AntBot navigates around without using GPS with pinpoint accuracy
All of the robots we know that can navigate on their own tend to rely on the GPS technology. A few scientists in France have now found an alternative technique where the robot moves on six legs and walks around and navigate like an ant.
Researchers from the CNRS Institute and the Aix-Marseille University have collaborated to bring to life what they call an AntBot. The navigation of the robot mimics the movements of the Cataglyphis desert ant which has the ability to travel more than a hundred miles away from its colony and not get lost.
A Cataglyphis desert ant cannot use the help of a pheromone trail to find its way back to its colony due to the desert habitat and extreme sunlight. Instead, it uses two other techniques: In the first technique the ant will keep track of its positioning with respect to the patterns of the polarized light in the sky. These patterns are always visible to the ant eye no matter the weather. Secondly, the ant can count the steps using optic flow which is a process that allows an observer to keep count of the rate at which they pass a surface or object in the environment.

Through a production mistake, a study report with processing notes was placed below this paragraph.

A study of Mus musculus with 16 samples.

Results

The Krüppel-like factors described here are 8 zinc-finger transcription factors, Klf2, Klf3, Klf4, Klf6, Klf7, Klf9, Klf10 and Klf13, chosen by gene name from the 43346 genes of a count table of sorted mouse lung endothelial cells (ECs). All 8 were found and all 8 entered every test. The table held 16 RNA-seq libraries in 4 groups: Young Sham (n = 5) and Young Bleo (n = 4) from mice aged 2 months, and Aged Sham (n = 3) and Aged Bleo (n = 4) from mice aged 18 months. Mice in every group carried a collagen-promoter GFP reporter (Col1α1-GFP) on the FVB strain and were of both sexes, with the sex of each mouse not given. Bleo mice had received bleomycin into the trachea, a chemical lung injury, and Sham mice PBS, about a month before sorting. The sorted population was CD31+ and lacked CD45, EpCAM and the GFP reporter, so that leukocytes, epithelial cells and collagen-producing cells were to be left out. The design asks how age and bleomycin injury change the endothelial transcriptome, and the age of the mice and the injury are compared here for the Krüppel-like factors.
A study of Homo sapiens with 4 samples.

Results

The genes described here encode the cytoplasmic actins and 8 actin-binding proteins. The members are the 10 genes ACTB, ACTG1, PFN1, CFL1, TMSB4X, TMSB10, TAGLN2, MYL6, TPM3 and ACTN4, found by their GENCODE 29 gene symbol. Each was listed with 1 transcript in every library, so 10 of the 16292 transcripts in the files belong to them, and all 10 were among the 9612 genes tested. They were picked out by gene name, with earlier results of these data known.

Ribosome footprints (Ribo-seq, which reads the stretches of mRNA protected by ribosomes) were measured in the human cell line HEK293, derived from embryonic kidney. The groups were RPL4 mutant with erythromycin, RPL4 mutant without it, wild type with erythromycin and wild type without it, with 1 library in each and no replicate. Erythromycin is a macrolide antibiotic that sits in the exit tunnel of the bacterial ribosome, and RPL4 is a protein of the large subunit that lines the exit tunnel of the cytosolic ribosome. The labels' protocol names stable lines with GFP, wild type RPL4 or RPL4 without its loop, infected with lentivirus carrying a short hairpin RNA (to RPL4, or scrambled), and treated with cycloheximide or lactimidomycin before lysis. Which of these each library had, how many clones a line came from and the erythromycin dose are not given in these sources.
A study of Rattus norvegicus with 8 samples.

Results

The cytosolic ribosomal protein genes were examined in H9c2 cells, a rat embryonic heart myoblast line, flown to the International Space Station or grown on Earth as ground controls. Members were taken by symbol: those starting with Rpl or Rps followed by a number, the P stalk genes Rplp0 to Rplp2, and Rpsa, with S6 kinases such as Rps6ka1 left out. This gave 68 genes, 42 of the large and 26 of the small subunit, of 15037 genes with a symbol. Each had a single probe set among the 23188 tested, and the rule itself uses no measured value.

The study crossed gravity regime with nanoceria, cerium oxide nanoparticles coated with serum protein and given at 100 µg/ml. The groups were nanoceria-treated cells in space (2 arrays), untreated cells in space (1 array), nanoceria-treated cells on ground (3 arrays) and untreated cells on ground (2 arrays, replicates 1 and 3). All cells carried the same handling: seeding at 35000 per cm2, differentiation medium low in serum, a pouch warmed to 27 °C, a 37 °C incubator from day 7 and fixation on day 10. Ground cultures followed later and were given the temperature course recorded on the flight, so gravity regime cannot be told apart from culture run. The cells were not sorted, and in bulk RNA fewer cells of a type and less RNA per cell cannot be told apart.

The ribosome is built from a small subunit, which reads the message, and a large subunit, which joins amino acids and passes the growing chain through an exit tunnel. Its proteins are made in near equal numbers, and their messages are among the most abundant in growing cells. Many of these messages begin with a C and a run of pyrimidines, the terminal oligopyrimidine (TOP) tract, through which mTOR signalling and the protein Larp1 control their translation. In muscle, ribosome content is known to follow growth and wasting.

In a very similar manner, the AntBot also utilizes these techniques. It includes an optical compass which can be used to track the polarized light in the sky. Additionally, an optical movement sensor has been integrated which can calculate just how far the robot has come from its start. With the help of all these techniques the robot can move around its surroundings and cover a distance of 14 meters and still be able to find its way back with an accuracy of 1 cm.
The technology makes us hopeful for the near future, when it can be used in situations where navigation is needed through terrains during a disaster. This could prove potentially important in regions and times when a GPS fails to work.